Unprecedented, not allowed to present ministers, says PM; Opposition has a list
Prime Minister was prevented by the Opposition from introducing his ministers
PM Narendra Modi said that this was a 'negative mindset' and had never happen before
Opposition was quick to point out to earlier such incidents
Prime Minister Narendra Modi on Monday hit out at the Opposition for preventing him from introducing the newly-inducted ministers in Lok Sabha and Rajya Sabha, saying such a 'negative mindset' has never been seen in Parliament. But, the Opposition was quick to point out that similar scenes were witnessed in 2004 and 2013 too, when the PM Manmohan Singh was not allowed to introduce his ministers.
As the Prime Minister rose in Lok Sabha to introduce the new ministers, Opposition members started shouting slogans. Dismayed over the disruption, Modi said, it should make everyone proud that several women, many people belonging to the SC and ST community have taken oath as ministers. Similar scenes were witnessed in Rajya Sabha too.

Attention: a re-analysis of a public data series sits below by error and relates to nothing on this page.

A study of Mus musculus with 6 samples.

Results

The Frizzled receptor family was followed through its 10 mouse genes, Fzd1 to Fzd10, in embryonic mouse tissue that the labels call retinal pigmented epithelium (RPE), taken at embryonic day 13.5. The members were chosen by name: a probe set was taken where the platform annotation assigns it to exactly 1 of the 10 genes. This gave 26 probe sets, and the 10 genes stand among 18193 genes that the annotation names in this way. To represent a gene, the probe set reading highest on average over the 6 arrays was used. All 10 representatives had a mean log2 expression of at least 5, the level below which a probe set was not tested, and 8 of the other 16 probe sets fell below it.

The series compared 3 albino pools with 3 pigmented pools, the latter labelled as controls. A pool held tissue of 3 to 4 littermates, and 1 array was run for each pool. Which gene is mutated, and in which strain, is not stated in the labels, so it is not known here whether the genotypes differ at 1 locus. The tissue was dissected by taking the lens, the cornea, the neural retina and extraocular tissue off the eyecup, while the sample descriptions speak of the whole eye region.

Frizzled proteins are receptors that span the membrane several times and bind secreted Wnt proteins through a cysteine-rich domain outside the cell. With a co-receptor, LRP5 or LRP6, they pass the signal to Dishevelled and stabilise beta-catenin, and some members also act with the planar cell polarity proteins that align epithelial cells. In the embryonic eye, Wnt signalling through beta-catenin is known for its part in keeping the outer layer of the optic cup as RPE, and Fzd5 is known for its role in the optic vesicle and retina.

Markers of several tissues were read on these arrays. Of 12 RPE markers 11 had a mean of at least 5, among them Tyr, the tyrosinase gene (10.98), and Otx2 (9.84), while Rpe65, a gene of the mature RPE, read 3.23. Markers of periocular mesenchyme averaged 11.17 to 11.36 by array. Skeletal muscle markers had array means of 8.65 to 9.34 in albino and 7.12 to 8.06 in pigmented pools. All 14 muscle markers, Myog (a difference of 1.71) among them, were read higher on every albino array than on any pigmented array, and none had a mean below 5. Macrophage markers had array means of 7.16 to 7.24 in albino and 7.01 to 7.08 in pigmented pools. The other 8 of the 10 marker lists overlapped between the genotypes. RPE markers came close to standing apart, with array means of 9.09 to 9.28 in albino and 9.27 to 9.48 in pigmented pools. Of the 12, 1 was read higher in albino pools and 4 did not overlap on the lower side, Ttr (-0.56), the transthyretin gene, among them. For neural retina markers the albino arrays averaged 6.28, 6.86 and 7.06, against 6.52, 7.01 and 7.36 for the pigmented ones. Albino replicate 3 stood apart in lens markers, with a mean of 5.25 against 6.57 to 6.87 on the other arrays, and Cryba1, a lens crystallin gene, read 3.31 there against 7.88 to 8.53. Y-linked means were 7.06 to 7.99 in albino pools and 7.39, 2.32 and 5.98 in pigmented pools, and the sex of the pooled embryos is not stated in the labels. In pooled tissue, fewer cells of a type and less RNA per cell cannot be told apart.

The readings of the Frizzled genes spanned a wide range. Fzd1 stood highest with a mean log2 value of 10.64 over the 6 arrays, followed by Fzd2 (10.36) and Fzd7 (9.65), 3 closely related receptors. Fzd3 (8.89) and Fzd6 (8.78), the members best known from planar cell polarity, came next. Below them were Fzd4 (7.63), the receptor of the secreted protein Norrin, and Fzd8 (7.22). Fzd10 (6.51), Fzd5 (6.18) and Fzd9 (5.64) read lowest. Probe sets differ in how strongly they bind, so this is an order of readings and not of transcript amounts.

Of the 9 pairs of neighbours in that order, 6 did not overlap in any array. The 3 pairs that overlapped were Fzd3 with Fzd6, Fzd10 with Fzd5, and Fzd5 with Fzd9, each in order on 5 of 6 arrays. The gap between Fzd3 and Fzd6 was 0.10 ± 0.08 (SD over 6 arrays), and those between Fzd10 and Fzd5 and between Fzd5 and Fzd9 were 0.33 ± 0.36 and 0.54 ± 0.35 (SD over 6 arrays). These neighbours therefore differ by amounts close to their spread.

"It seems some people cannot digest that more women, SC, ST and OBC community members are becoming ministers", Modi said, and noted that several new ministers are children of farmers and also belong to OBC communities. He further said that it was for the first time that the House was witnessing "such a mentality".
However, the Opposition was quick to point out a similar precedent. In 2004, then Prime Minister Manmohan Singh could not introduce his new ministers in Parliament as the then Opposition, the Bharatiya Janata Party (BJP), protested the inclusion of late Mohammed Taslimuddin, and Lalu Prasad Yadav in the council of ministers.
Congress lawmaker from Tamil Nadu Manickam Tagore pointed to another similar incident saying that in 2013, Singh wasn’t allowed to introduce his ministers in the House. “So, the BJP cannot say that this has never happened before,” said Tagore.
Earlier, addressing reporters ahead of the Monsoon session, PM Modi said that the Opposition should ask the sharpest and toughest of questions in Parliament but asserted that the government should also be allowed to respond to them in a cordial environment.